As mentioned in previous posts, I am developing a made-to-order womenswear line which will be launching this Spring. This collection is a collaboration of talent. I’ve sourced a few amazing and creative independent textile designers, and will be infusing their prints into my designs. The line will begin with a set of skirts, and I’ve started the process by making basic patterns. These photos are essentially an outline of the skirt sloper.
I started by drafting the skirt onto pattern paper . I had a calculator and measuring tape on hand for all the measurements.
I walked the 2nd draft along the seam allowance. This means that I used a pencil, and matched up the seam allowance of the two seams that are to be sewn. It’s as if I’m sewing the paper. This gives me opportunity to fix the seams if needed.
I notched certain parts of the pattern. For example, the side seam to indicate a 1/2″ seam allowance. Also, the ends of the darts so that I can match the two legs together. I also ended up tracing the seam allowance and darts with tracing paper and wheel.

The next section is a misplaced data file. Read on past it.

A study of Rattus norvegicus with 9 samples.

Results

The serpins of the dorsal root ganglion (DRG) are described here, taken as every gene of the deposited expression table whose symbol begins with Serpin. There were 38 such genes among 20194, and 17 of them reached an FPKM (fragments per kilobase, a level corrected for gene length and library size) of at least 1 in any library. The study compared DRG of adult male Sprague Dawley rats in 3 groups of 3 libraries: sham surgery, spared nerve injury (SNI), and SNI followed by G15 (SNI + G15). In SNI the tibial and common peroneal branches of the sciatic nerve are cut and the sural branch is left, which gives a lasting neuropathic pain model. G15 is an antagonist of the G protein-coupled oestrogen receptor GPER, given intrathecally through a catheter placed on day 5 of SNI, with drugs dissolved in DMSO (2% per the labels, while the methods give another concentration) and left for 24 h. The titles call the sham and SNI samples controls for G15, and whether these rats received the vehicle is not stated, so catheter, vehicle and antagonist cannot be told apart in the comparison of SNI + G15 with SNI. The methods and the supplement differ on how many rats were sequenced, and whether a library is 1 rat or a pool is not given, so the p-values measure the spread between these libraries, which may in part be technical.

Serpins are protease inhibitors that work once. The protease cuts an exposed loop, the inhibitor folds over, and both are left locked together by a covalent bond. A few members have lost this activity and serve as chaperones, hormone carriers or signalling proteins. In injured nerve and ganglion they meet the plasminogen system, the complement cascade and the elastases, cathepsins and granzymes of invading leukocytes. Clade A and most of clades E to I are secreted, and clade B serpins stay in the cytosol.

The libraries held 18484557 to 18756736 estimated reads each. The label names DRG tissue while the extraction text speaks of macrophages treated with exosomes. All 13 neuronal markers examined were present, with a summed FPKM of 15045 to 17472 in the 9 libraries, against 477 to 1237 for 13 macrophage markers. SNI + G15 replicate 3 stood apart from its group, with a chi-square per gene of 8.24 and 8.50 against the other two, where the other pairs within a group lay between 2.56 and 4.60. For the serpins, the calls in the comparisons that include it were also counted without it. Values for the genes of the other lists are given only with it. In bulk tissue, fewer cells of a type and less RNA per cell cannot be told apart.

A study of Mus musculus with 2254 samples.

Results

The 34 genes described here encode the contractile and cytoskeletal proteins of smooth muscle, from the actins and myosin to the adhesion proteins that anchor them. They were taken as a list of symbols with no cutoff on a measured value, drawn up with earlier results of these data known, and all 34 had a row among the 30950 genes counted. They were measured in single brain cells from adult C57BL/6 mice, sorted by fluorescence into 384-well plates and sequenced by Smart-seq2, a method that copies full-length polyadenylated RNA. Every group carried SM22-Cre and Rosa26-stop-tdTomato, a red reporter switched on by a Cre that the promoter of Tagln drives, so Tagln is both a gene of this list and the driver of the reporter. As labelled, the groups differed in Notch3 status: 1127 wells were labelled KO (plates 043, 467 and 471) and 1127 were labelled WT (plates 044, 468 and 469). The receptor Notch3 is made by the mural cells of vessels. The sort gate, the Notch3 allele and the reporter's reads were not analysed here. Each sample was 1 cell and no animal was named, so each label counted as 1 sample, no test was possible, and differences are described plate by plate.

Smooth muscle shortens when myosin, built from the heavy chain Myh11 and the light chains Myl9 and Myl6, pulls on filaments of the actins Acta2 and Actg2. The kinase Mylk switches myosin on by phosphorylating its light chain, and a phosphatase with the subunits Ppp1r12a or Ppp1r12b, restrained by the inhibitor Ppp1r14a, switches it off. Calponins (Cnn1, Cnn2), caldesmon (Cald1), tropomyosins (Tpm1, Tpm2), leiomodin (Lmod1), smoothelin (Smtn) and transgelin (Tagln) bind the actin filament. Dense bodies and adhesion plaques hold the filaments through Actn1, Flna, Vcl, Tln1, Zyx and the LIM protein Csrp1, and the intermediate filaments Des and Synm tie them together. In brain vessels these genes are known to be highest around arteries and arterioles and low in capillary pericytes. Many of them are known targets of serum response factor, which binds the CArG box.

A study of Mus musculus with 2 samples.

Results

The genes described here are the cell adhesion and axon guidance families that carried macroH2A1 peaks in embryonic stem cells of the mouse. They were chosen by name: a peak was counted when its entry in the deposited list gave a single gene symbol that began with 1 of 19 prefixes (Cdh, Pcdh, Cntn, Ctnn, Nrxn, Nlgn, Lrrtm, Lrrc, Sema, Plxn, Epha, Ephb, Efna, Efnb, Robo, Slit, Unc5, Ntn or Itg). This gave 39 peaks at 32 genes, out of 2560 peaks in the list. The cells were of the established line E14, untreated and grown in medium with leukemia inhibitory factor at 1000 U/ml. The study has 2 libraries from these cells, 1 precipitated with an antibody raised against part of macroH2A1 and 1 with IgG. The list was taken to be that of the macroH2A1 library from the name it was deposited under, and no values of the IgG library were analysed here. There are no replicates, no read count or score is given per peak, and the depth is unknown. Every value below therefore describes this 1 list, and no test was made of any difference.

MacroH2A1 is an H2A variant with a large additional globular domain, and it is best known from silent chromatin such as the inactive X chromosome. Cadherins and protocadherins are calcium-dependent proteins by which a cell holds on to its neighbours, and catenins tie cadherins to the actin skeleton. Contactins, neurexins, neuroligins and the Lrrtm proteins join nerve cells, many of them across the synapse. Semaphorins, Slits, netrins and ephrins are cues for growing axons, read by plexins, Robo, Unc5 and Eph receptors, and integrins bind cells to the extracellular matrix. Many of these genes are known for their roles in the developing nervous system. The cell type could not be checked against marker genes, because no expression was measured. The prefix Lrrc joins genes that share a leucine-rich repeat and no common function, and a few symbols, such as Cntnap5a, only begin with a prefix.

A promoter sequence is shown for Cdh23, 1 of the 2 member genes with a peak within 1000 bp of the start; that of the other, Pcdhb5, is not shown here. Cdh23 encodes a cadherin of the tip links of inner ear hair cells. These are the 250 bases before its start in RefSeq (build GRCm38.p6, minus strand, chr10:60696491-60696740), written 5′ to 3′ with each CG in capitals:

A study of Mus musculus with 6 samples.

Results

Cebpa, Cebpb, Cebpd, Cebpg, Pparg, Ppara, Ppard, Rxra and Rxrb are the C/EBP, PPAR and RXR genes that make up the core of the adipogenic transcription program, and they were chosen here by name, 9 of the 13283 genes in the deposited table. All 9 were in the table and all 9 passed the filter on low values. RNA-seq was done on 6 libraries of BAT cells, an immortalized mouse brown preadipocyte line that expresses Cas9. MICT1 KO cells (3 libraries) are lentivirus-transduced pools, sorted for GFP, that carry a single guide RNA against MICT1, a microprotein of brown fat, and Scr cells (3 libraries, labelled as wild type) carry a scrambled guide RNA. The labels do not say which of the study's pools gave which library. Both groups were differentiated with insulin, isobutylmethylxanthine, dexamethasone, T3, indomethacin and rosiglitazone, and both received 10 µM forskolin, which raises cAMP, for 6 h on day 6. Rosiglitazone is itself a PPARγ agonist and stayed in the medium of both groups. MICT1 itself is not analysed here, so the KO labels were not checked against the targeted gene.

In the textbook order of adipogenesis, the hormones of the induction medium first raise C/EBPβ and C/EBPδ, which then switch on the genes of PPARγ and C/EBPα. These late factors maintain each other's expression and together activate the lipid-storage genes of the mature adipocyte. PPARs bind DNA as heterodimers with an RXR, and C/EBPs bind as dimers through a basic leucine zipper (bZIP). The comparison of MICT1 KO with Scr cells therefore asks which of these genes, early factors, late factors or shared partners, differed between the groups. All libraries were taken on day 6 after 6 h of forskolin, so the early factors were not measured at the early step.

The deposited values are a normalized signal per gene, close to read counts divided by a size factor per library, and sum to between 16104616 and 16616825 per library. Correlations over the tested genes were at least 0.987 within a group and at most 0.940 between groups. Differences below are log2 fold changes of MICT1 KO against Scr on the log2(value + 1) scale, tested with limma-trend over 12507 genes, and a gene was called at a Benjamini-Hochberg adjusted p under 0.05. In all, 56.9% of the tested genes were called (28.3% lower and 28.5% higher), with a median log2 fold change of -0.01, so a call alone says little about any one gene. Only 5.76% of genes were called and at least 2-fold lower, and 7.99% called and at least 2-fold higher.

I cut out the muslin using the 2nd draft. By the way, 2 lb dumb bells is my ghetto way of keeping weight on paper. There are heavy weights that cutters use, which can be bought at a sewing supply store. I saw them once at an art store too. Dumb bells really isn’t as effective as the weights cutters use, but I also pinned the paper to the muslin. I added The Sartorialist book to keep myself entertained as I continue to stare at dotted pattern paper
After I cut out the muslin, I pinned the skirt pieces together and fit the skirt. By this time I wanted to drink from staring at patterns for hours. Instead, I accessorized the muslin skirt with a sweater that I knitted awhile back and a scarf my friend Leslie weaved. It makes patternmaking more fun :) Besides, the important part is that the skirt is balanced, and it has excellent fit, which I am happy to say that it does! Thank goodness, or else I would be pulling out that bottle of wine.
Once the fit is perfected, then it is complete. I cut off the seam allowance on the 2nd draft, then copied it over to manila paper so now I have a basic skirt sloper.
I’ve got a lot to do, but a lot to look forward to, so stay tuned. I look forward to sharing the beginning to the end with you.